Paul uses Obama's words against him

Sen. Rand Paul (R-Ky.) is using President Obama’s own words against him in an amendment designed to make sure the White House doesn’t strike Syria without congressional approval.

Paul’s sense of the Senate amendment states that Obama would be in violation of the Constitution if he acts without winning congressional approval.

It quotes an interview Obama gave in 2007 to The Boston Globe to underline its point.

“Senator Barack Obama stated correctly to the Boston Globe in 2007 that the ‘President does not have the power under the Constitution to unilaterally authorize a military attack in a situation that does not involve stopping an actual or imminent threat to the nation’” Paul’s amendment reads in part.

At the time, Obama was making the case that the Bush administration had no legal standing to unilaterally attack an Iranian regime violently opposing a civilian uprising.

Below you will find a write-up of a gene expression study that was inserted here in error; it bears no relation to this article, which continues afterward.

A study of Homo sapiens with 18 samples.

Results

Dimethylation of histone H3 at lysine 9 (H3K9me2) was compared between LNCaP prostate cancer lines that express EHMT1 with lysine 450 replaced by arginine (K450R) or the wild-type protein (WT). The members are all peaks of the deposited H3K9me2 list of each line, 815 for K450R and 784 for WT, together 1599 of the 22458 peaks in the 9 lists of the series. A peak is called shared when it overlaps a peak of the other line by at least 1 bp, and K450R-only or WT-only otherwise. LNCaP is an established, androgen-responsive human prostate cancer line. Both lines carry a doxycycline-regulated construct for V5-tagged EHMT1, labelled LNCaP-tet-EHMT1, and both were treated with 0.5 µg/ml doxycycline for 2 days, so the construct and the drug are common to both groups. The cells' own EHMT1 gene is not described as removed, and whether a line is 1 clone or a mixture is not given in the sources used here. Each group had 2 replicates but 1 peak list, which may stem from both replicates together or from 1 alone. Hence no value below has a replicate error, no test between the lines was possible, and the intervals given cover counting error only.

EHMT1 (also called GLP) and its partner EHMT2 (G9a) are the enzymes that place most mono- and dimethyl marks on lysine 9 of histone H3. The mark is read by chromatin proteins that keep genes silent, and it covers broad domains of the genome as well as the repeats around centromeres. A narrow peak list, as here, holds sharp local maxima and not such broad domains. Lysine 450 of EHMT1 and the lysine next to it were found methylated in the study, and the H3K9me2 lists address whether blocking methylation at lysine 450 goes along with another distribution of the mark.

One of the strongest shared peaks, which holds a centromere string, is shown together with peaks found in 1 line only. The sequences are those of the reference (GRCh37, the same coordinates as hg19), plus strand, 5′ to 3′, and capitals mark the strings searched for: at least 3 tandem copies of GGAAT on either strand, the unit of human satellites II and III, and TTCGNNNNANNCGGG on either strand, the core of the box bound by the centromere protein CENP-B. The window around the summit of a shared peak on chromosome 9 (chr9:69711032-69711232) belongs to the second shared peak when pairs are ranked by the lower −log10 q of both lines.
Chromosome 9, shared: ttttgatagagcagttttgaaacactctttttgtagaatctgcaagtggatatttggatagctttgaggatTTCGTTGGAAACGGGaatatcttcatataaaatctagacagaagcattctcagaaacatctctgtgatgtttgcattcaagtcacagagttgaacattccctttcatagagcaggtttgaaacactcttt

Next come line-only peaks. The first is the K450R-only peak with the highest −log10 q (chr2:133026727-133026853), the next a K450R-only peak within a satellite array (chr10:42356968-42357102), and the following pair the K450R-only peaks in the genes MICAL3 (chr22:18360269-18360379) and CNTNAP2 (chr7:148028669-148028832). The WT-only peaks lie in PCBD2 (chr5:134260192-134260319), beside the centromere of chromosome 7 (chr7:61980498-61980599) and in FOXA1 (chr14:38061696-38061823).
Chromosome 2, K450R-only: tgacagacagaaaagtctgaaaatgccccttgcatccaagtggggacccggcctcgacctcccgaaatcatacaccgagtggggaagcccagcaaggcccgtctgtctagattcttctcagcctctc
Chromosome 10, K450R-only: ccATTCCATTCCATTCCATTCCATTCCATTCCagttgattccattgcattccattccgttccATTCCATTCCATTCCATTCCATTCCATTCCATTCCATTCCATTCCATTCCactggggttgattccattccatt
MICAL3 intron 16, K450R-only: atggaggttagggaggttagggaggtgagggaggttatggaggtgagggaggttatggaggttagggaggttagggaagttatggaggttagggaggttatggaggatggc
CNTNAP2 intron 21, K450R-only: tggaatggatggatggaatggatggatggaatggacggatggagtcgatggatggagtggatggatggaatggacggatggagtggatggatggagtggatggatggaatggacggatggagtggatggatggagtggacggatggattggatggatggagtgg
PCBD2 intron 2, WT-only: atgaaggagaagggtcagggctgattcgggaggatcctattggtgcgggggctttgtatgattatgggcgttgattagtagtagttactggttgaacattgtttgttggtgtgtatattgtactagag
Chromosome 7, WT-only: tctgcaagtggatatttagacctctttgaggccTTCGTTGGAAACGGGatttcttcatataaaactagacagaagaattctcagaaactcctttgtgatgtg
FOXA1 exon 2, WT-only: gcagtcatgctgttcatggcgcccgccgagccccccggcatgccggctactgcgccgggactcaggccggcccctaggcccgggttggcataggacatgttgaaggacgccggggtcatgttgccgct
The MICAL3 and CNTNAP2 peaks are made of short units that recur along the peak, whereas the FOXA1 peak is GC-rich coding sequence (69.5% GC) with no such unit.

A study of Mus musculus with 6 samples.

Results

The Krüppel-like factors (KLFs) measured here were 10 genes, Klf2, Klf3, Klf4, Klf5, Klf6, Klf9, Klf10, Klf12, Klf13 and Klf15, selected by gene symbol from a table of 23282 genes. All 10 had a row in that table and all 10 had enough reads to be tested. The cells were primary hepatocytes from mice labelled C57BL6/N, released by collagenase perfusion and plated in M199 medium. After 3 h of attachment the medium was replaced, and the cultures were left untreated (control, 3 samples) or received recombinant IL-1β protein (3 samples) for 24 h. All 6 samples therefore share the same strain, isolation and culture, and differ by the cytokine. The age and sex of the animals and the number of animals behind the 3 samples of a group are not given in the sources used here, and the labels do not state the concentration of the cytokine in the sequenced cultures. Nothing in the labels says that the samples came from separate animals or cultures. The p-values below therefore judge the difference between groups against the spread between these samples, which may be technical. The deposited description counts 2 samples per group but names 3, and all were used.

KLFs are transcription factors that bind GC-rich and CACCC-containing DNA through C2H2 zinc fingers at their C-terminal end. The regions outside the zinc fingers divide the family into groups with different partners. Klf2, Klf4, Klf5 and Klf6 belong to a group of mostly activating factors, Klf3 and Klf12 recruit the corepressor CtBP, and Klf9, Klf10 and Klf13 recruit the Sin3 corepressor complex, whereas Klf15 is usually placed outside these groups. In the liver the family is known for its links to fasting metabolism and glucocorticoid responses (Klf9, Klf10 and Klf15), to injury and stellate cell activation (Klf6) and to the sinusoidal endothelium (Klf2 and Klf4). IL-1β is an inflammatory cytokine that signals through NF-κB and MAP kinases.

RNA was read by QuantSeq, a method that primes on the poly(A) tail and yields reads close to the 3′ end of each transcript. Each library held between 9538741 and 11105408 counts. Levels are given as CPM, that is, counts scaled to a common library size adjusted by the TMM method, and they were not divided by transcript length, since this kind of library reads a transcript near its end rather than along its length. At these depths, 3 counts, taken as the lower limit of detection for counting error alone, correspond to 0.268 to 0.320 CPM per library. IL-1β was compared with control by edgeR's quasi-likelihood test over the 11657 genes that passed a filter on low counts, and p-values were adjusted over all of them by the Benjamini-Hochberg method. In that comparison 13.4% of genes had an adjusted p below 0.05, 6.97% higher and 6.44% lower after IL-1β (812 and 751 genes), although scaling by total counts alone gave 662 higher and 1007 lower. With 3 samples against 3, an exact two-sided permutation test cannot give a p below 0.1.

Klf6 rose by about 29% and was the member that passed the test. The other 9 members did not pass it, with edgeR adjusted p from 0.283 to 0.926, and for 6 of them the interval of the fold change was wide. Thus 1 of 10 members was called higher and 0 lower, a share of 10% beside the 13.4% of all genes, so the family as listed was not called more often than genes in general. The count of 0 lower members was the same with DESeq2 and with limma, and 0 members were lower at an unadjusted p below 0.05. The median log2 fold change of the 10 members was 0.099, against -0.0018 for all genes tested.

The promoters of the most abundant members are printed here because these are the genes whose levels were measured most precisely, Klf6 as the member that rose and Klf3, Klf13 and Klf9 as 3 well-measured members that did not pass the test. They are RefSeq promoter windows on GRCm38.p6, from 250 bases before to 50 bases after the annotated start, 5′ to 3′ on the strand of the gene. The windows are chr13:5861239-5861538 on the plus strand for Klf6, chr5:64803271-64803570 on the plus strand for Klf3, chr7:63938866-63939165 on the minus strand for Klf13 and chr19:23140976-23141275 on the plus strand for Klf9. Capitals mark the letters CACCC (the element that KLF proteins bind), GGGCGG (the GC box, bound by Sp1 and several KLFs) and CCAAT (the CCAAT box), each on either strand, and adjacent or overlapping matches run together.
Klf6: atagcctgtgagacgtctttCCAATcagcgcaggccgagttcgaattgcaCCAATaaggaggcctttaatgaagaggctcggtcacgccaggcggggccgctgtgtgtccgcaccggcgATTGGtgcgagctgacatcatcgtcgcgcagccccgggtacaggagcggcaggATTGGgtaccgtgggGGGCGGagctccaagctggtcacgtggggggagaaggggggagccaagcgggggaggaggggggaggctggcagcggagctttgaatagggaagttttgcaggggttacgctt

The president has asked Congress to authorize a strike against Syria over its alleged use of chemical weapons. The administration says it has proof that a Syrian chemical attack killed more than 1,400 people. It argues it is in the U.S. national interest to punish Syria for the attack to discourage future use of chemical weapons.

It is unclear what Obama will do if Congress does not approve a military strike.

He has said he believes he would have the power to act alone, but doing so would be politically difficult.

On Tuesday, Secretary of State John Kerry told the Senate Foreign Relations Committee that the president has the power to act “no matter what Congress does.”

Paul, who is reportedly considering a filibuster of the Senate resolution to act in Syria, declares in his amendment that Obama would be in violation of the Constitution if he acts without congressional approval.

“It is the sense of Congress that if the authorization fails to pass Congress, the President would be in violation of the Constitution if he were to use military force against the Government of Syria,” the amendment continues.